In a student’s life, timely and appropriate interventions could be the difference between graduation and dropping out. Effective data collection and analysis is vital to the creation, design and implementation of school interventions.
Behind every data point that a school or district collects is a child. When you’re making data-based decisions, what you’re doing is keeping the focus on the child. That can be hard to remember when you’re looking at spreadsheets and run charts or sitting in contentious meetings, but it’s important. Data-based decisions can help create an environment ripe for the success of every learner!
I’ve asked Marina Hopkins from Cincinnati-based StrivePartnership, a former subsidiary of KnowledgeWorks, to speak about how she is impacting student outcomes through a project that seeks to provide a district with added capacity, targeted interventions and data support.
Can you first explain your role at StrivePartnership?
As the Senior Manager of Middle and High School Success, I serve as the expert on strategies and outcomes related to learning and education achievement for children age 13 to 18 within our learning ecosystem, which includes Cincinnati, and the cities of Covington and Newport, Kentucky.
In your role, who are you most often working with in these communities you’ve mentioned?
The position regularly interacts with a broad, diverse group of education practitioners, system and community leaders, parents and students to determine how effectively institutions and communities are functioning to achieve goals related to eight-grade math, high school graduation and other critical education outcomes. It’s a broad group of people with a singular focus: student success.
Can you briefly describe your daily work?
In summary, I identify interventions designed to achieve the aforementioned outcomes by strengthening and expanding effective activities within the ecosystem or addressing weaknesses and gaps within it. I take the lead on designing these interventions in collaboration with the StrivePartnership team and work hands-on with stakeholders to execute their implementation. With support from my team, I help monitor the progress of these interventions and negotiate changes with stakeholders as needed to ensure student success.
What indicators are you utilizing as part of the intake process?
Teachers identify the students that are in need of support through the delivery of a pre-test that contains basic math concepts: multiplication, fractions, etc. Based on the pre-test, volunteer tutors take students through a specially designed curriculum, which was actually created by one of our tutors. This curriculum is constructed to accomplish two goals. First, it empowers students to walk through specialized lessons at their own pace with added quizzes to assess competency. Secondly, this curriculum prepares tutors to instruct on Math, which can be a very intimidating subject area.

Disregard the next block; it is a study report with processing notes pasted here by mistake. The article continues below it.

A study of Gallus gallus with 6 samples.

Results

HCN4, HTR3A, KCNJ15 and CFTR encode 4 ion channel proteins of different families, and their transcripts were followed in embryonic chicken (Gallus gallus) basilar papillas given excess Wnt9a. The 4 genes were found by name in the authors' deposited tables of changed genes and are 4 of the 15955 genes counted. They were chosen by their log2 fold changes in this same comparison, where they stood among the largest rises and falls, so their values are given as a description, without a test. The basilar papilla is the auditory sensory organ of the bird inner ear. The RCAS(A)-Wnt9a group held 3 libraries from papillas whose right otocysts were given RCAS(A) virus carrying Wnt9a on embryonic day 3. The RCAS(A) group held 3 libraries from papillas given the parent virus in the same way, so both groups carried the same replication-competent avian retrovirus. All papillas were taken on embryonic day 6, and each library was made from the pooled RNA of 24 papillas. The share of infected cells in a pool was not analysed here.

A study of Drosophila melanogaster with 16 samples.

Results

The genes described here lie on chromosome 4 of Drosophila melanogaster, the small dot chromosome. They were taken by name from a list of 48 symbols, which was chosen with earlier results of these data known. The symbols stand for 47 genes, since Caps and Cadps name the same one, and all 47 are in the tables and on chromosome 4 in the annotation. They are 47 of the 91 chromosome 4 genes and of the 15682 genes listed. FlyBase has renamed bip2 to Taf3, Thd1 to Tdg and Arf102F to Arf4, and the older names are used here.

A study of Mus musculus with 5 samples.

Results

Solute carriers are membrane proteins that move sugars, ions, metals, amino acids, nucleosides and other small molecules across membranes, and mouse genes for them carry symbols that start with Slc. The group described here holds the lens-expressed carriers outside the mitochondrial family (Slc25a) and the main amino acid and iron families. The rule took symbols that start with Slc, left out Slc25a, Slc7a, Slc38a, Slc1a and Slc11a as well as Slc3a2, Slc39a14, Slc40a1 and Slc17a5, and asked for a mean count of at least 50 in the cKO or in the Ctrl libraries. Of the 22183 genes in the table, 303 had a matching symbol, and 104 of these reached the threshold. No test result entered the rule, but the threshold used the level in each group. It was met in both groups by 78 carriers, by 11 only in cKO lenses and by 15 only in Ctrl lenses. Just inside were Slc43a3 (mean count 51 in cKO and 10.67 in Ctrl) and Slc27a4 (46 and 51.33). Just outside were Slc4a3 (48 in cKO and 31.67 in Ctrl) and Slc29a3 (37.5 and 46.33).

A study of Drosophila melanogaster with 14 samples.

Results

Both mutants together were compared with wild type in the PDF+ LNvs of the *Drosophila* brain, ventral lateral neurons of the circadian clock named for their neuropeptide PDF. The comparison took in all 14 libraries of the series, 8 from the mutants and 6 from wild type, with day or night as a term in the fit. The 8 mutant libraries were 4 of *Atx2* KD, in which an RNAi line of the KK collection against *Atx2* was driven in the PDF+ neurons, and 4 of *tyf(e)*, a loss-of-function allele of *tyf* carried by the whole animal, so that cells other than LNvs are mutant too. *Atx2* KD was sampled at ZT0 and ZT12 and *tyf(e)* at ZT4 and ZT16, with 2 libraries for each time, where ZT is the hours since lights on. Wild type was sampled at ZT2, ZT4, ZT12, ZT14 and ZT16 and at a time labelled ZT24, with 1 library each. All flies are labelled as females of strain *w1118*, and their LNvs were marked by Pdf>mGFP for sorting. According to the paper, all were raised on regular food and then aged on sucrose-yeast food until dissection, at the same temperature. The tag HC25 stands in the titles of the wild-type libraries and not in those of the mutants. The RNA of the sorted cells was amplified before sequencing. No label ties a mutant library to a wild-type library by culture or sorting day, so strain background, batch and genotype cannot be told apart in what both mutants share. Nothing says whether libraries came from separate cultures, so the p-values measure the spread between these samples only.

After students have been identified for program participation, how is the opportunity explained to parents and/or guardians?
A letter is sent home to parents letting them know that their child has been selected to receive extra support. They are asked to sign a parent pledge and the student is asked to do the same. Getting family support from the beginning helps increase parents’ understanding of the program and helps generate added support towards the work.
What types of data are being collected as part of the program, how are you offering data support and why is it important?
We look at how many tutoring sessions students are attending, quarter grades, school attendance and tutor feedback. This is the first year that we are able to track how 8th graders who received tutoring support performed in Algebra 1. We are working with the school to create a Math Data Dashboard that helps everyone see the success of this program. Data is important to StrivePartnership because it informs the kinds of questions that need to be posed; the context of questions and approach to potential solutions. Every school district wants to see their students be successful. Having partners that you can trust to help inform possible strategies based on data support is a win for all. We are in the middle of compiling the data and will provide a report on our learnings from this first cohort of students.
How might the analytics resulting from the data change the program in the future?
The data may direct us to implement this in the 5th and 6th grade and may also lead to the formation of a summer math boot camp for incoming 7th grade students. Qualitative data, such as student feedback on what being math-ready means, will also play a role in shaping the program as it relates to the needs and desires of all learners.
What tips would you share to other embarking on similar projects?
First, start small. I still consider this project a pilot. Starting small helps you gather the data needed for continuous improvement, helps form buy-in for additional work and promotes smarter scaling. Secondly, it’s vital you have a true partnership with the district, principals, teachers and community. A true collaborative relationship works together to improve the outcomes of students and relies on each other to help fill gaps.